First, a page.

Hospitality — Hotel occupancy is expected to continue
soaring to record levels of 65.9 percent nationally through 2019, marking 10 years of nonstop growth, according
to CBRE. However, challenges on the horizon consist of increased hotel
construction in local markets, low inflation, the sharing economy, and
book-direct, best-price guarantees for hotel rooms. Countering these headwinds,
international and domestic travel rose 3.8 percent during 2016, increasing the
demand for hotel rooms and contributing to the demand outpacing supply,
according to Marcus & Millichap. Norfolk-Virginia Beach, Va.; Orlando,
Fla.; and Atlanta experienced high increases in demand for hotel rooms.
Industrial — Three trends are spurring growth in the
industrial sector: low, steady vacancy at 5.2 percent nationwide; strong
pre-leasing of 54.2 percent; and the strength of e-commerce, which commands 25
percent of leasing demand. The U.S. absorbed nearly 165.6 million square feet
of new industrial properties YOY, while nearly 221.2 msf of new inventory is in
the pipeline, according to JLL. Pressure continues for faster shipments and
lower costs for consumers, resulting in companies investing in locations that
are closer to labor and their customers.
Multifamily — Consistent good performance is the mantra of
the multifamily sector for 2018. Yardi Matrix predicts multifamily will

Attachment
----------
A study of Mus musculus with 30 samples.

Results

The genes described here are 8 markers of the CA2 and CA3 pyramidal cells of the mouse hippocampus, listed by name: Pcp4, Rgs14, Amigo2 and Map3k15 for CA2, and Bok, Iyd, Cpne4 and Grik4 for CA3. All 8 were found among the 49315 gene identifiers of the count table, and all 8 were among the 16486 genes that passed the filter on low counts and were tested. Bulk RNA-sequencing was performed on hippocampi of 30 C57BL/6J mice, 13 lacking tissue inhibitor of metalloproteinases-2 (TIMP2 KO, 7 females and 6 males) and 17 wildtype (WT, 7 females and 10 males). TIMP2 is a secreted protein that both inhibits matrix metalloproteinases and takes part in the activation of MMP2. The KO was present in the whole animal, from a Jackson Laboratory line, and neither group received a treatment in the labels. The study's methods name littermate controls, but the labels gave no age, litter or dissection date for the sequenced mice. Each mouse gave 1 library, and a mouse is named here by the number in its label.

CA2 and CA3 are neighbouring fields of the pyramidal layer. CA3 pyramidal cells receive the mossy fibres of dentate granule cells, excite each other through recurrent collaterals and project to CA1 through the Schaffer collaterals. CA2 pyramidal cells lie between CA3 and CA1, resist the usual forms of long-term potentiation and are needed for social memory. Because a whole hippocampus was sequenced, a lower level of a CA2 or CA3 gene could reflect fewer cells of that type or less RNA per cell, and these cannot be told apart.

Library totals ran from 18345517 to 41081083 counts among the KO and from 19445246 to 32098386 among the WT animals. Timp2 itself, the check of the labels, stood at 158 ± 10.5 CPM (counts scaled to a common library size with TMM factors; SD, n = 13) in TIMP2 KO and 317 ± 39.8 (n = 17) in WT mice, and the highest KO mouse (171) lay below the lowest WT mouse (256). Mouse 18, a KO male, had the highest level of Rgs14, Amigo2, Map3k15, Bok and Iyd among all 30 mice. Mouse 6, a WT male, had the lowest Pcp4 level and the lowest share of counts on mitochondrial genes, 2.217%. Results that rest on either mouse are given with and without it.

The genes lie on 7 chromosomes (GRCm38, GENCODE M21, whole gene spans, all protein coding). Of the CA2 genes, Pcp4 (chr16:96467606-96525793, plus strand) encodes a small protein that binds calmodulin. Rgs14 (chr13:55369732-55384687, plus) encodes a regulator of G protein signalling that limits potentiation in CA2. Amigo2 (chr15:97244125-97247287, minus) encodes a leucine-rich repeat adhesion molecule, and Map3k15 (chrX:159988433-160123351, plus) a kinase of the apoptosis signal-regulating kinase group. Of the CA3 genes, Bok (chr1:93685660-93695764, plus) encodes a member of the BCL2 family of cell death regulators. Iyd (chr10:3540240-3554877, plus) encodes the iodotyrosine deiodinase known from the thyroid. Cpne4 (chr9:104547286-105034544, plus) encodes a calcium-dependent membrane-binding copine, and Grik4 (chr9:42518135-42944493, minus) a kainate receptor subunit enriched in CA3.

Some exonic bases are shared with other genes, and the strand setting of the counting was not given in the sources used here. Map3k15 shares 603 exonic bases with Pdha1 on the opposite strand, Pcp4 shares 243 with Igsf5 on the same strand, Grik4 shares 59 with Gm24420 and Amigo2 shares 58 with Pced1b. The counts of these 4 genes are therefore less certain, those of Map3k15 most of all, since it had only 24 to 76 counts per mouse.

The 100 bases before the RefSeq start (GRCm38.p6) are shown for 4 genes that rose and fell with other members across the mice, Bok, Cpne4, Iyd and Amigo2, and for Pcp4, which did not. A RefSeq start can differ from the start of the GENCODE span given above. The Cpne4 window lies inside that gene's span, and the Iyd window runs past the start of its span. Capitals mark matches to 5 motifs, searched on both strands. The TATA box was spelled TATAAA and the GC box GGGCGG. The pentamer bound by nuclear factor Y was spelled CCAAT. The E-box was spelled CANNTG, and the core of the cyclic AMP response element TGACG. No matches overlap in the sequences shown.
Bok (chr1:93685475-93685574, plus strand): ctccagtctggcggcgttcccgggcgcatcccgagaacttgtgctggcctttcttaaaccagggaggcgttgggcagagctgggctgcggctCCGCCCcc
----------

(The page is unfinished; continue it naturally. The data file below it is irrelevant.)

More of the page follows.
continue its long run, buoyed by the strong economy and job growth; the shift
to renting property by many baby boomers; and the continued support by
millennials. Hurricanes Irma and Harvey helped to readjust the supply and
demand equation for multifamily, particularly in Houston.
Office — As large, multinational companies spread globally,
more firms will rise from emerging economies. By 2025, more than 45 percent of
the Fortune Global 500 will come from emerging economies, compared to 5 percent
in 1990, according to Cushman & Wakefield. The technology sector is
creating a new generation of companies that could compete in more diverse
locations in secondary markets, such as Seoul, South Korea; Stockholm; and
Austin, Texas. The total revenue for the
tech sector grew from $600 billion to
more than $6 trillion over three decades, resulting in a new crop of firms.
Retail — As retail
continues its marketplace transition, the top 90 U.S. shopping centers
have spent billions of dollars to renovate their space, captivating shoppers
with more food and fun; community connections; and stronger curb appeal. More
than 41 percent have upgraded their food and beverage offerings; 34.4 percent have
renovated tenant space; and nearly 30 percent
have boosted entertainment, according to JLL.